Macroscelidea Butler, 1956
Elephant shrews or jumping shrews are small insectivorous mammals native to Africa, belonging to the Macroscelididae family, in the order Macroscelidea. Their traditional common English name comes from a fancied resemblance between their long noses and the trunk of an elephant, and an assumed relationship with the true shrews (family Soricidae) in the order Insectivora because of their superficial similarities. As it has become plain that the elephant shrews are unrelated to the shrews, the biologist Jonathan Kingdon has proposed that they instead be called sengis, a term derived from the Bantu languages of Africa.
They are widely distributed across the southern part of Africa, and although common nowhere, can be found in almost any type of habitat, from the Namib Desert to boulder-strewn outcrops in South Africa to thick forest. One species, the North African Elephant Shrew, remains in the semi-arid, mountainous country in the far north-west of the continent.
Although mostly diurnal and very active, they are difficult to trap and very seldom seen: elephant shrews are wary, well camouflaged, and adept at dashing away from threats. Several species make a series of cleared pathways through the undergrowth and spend their day patrolling them for insect life: if disturbed, the pathway provides an obstacle-free escape route.
Elephant shrews are not highly social animals, but many live in monogamous pairs, which share and defend a home territory, which they mark using scent glands. The Rhynchocyon species also dig small conical holes in the soil, bandicoot style, but others may use natural crevices, or make leaf nests.
Short-eared elephant-shrews inhabit dry steppes and stone deserts of Southwestern Africa. They even can be found in the Namib-desert, one of the driest regions of the earth. Elephant-shrews live in pairs and defend territories. Females drive away other females while males try to ward off other males. Although they live in pairs, the partners do not care much for each other and their sole purpose of even associating with the opposite sex is for reproduction. Social behaviors are not very common and they even have separate nests. The one or two young are well developed at birth. They are able to run around just a few hours after birth.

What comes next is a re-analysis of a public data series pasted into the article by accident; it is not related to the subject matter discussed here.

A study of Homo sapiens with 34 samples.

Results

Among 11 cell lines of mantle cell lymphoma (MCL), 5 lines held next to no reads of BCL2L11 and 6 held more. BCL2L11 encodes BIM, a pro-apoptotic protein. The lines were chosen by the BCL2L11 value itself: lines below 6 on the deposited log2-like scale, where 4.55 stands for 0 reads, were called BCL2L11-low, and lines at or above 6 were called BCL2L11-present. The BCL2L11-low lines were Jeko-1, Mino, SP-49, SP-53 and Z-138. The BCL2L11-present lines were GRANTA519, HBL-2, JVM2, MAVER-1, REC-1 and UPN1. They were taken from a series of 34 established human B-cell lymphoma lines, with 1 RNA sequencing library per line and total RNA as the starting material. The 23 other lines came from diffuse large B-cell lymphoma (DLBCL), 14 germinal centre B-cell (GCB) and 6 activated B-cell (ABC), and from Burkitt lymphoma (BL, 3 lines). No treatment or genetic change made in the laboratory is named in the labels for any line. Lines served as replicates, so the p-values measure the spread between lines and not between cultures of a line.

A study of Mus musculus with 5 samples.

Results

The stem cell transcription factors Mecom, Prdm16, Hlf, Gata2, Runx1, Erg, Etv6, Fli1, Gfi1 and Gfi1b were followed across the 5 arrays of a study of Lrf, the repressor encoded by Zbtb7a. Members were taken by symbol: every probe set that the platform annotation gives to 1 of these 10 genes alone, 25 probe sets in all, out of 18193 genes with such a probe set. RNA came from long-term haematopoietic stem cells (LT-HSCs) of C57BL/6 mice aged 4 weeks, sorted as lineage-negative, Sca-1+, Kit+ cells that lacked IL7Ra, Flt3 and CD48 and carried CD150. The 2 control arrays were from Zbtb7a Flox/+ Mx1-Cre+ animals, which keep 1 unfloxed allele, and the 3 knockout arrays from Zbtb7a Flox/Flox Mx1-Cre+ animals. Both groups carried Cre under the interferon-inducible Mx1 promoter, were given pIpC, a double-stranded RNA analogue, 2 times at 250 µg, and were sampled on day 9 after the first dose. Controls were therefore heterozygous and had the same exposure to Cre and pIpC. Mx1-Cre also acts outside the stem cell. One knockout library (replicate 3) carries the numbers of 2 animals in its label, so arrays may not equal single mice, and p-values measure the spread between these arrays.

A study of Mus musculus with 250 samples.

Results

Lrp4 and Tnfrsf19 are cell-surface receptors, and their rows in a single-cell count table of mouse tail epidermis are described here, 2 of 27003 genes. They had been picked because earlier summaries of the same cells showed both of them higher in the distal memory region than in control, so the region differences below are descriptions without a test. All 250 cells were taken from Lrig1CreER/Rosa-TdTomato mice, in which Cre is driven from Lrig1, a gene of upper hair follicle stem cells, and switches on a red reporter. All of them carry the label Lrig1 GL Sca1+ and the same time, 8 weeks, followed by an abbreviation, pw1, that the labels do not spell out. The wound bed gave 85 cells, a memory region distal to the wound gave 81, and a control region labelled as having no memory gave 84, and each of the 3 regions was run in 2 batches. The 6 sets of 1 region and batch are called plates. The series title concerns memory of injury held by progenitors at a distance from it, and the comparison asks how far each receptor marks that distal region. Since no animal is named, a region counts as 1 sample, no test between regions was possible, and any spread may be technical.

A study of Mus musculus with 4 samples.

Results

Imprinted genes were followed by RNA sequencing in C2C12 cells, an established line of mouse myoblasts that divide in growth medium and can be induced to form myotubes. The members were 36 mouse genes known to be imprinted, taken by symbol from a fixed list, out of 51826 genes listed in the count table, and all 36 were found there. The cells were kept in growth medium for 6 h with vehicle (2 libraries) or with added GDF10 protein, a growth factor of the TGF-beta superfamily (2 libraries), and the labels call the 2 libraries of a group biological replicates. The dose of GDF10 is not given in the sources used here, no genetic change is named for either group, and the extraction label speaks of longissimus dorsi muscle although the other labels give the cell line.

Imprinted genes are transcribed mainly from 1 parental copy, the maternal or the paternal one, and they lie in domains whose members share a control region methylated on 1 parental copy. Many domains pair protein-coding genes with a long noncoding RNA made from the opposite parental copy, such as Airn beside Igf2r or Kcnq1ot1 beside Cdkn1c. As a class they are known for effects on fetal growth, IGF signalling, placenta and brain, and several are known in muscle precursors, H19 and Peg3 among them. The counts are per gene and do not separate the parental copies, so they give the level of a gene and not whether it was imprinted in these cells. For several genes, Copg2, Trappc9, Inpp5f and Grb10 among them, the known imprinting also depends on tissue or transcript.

Females give birth to litters of one or three young several times a year, after a gestation period varying from 45 to 60 days. The young are born relatively well developed, but remain in the nest for several days before venturing outside.
The mating period lasts for several days and is followed by six weeks of gestation. After mating, the pair will return to their solitary habits. The female then will give birth to 1-2 young in one of her leaf nests. Only for nursing purposes are the young visited by the mother. After 5 days the young are fed mashed insects with the milk, which are collected and transported in the cheek pouches of the female. The young then slowly start to explore their environment and start to hunt for insects. After about 15 days, the young will begin the migratory phase of their life which lessens the dependency of the young on their mother. The young will then establish their own home ranges (about 1 km2) and will become sexually active within 41–46 days.
All elephant-shrews eat mainly invertebrates, such as insects, spiders, centipedes, millipedes, and earthworms. An elephant-shrew uses its nose to find prey and uses its tongue to flick small food into its mouth, much like an anteater. Eating large prey can pose somewhat of a challenge for the elephant shrew. For example, a giant elephant-shrew struggling with an earthworm must first pin its prey to the ground with a forefoot. Then, turning its head to one side, it chews pieces off with its cheek teeth, much like a dog chewing a bone. This is a sloppy process, and many small pieces of worm drop to the ground; these are simply flicked up with the tongue. Some elephant-shrews also feed on small amounts of plant matter when available, especially new leaves, seeds, and small fruits.
A number of fossil species are known, all of them from Africa. There was a considerable diversification of macroscelids in the early tertiary period. Some, such as Myohyrax, were so similar to hyraxes that they were initially misidentified as belonging to that group, while others, such as Mylomygale were relatively rodent-like. These unusual forms all died out by the Pleistocene. Although macroscelids have been classified with many groups, often on the basis of superficial characteristics, there is now considerable morphological and molecular evidence for placing them within Afrotheria, probably close to the base of Paenungulata.
In the past, elephant shrews have been classified with the shrews and hedgehogs as part of the Insectivora; regarded as distant relatives of the ungulates; grouped with the treeshrews; and lumped in with the hares and rabbits in the Lagomorpha. Recent molecular evidence, however, strongly supports a superorder Afrotheria which unites tenrecs, and golden moles with certain ungulates or mammals that were previously presumed to be ungulates, including hyraxes, sirenians, aardvarks and elephants, as well as the elephant shrews.
1. ^ a b Schlitter, Duane A. (2005-11-16). Wilson, D. E., and Reeder, D. M.. ed. Mammal Species of the World (3rd ed.). Baltimore: Johns Hopkins University Press. pp. 82-85. ISBN 0-801-88221-4. http://www.bucknell.edu/msw3.
* Murata Y, Nikaido M, Sasaki T, Cao Y, Fukumoto Y, Hasegawa M, Okada N. Afrotherian phylogeny as inferred from complete mitochondrial genomes. Mol Phylogenet Evol. 2003 Aug;28(2):253-60.